Imagining the Dual City in Colonial Korea (1910-1945)

Prof. Michael Kim
Tuesday, October 8, 2013 -
7:30pm to 9:30pm
Second floor Residents’ Lounge, Somerset Palace
7,000 won (non-member); free for members

Without question, the city is one of the hallmarks of the modern era, for urban spaces are where the transformations of global modernity manifest themselves in their most distinct and palpable forms. Numerous studies have traced the importance of modern cities like Paris, Berlin, and Shanghai but few comparable works exist for Seoul in the English language. Yet the history of Seoul stands apart from many urban centers in the West, because for 35 years it was a city under colonial occupation. Thus an examination of the colonial city of Seoul can reveal a wealth of issues related to notions of the modern and the colonial.
This presentation will focus on key aspects of the everyday life experiences within the colonial city. One of the central features of colonial Seoul was its division into a Korean district and a Japanese district that had considerable disparity in terms of urban development. This dual transformation of Seoul led its residents to redefine their urban spaces and collective identities according to ethnic lines. Colonial Seoul is a particularly important site for exploration, because this was the location where many Koreans encountered both a colonial reality and a nascent capitalist modernity in their most palpable forms. Koreans living in the countryside could live their entire lives with little evidence of the Japanese presence. Many parts of Korea remained isolated from development and experienced hardly any changes throughout the Japanese occupation. However, the Korean residents of Seoul were acutely aware of the transformations that took place within the capital city, which was a major showcase of the Japanese empire, and the shifting urban landscape influenced their collective identities as colonized subjects.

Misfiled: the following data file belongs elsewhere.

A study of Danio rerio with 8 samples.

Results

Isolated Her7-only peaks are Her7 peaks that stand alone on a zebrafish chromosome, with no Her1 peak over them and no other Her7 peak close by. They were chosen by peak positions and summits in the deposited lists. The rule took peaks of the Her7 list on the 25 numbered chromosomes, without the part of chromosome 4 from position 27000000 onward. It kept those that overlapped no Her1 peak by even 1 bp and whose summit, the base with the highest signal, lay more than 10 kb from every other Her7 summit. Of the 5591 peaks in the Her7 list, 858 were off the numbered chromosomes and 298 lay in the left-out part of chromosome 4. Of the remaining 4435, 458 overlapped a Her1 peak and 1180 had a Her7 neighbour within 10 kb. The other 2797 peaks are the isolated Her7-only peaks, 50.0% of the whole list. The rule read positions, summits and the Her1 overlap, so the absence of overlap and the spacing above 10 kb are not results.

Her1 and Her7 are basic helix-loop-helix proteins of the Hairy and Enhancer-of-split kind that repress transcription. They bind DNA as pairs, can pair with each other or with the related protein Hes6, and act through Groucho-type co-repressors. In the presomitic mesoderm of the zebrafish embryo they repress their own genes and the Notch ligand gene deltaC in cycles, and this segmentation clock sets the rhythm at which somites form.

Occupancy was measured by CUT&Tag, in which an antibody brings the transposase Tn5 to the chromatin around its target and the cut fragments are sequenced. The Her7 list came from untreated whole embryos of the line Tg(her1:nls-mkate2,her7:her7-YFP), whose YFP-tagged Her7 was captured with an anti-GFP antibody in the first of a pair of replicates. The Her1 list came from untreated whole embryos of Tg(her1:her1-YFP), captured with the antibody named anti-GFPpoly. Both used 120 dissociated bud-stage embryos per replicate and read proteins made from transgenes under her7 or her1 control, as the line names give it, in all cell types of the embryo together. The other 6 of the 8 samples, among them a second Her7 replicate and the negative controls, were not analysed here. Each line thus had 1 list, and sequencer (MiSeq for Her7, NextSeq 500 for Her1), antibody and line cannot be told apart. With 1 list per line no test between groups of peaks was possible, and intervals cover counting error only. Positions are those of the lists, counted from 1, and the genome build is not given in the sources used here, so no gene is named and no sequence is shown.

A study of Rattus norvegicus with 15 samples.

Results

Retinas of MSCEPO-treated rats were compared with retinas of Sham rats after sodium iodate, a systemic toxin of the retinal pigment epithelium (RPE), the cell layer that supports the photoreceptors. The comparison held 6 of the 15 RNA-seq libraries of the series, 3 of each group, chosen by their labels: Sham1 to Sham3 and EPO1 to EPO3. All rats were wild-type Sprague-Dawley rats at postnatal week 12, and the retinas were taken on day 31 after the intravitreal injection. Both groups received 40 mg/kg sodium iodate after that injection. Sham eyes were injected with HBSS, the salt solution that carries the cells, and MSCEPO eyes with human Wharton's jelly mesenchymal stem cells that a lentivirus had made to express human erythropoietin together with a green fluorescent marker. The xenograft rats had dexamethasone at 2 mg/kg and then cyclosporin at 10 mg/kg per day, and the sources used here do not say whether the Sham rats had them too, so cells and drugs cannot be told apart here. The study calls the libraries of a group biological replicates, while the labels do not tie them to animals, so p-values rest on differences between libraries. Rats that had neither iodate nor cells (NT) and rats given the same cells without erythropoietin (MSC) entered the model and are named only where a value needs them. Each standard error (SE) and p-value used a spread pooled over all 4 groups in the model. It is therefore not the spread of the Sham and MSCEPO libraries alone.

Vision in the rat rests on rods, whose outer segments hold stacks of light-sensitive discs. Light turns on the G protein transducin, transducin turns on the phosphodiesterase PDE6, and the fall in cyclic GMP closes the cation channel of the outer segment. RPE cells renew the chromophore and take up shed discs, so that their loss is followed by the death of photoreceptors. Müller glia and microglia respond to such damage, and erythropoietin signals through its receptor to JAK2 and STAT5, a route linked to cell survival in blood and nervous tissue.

Through images and various Korean voices from the colonial past, this presentation will attempt to contextualize the colonial transformation of Seoul.

Michael Kim received an A.B. in History at Dartmouth College and a Ph.D. in Korean History from Harvard's East Asian Languages and Civilization Department. His specialty is colonial Korea and he has written on a wide range of topics such as the urban history of Seoul, colonial print culture, Koreans in Manchuria, Chinese migration in colonial Korea, and the wartime mobilization of Koreans during WWII. He is currently Associate Professor of Korean History at Yonsei's Graduate School of International Studies and Associate Dean of Planning at Yonsei's Underwood International College.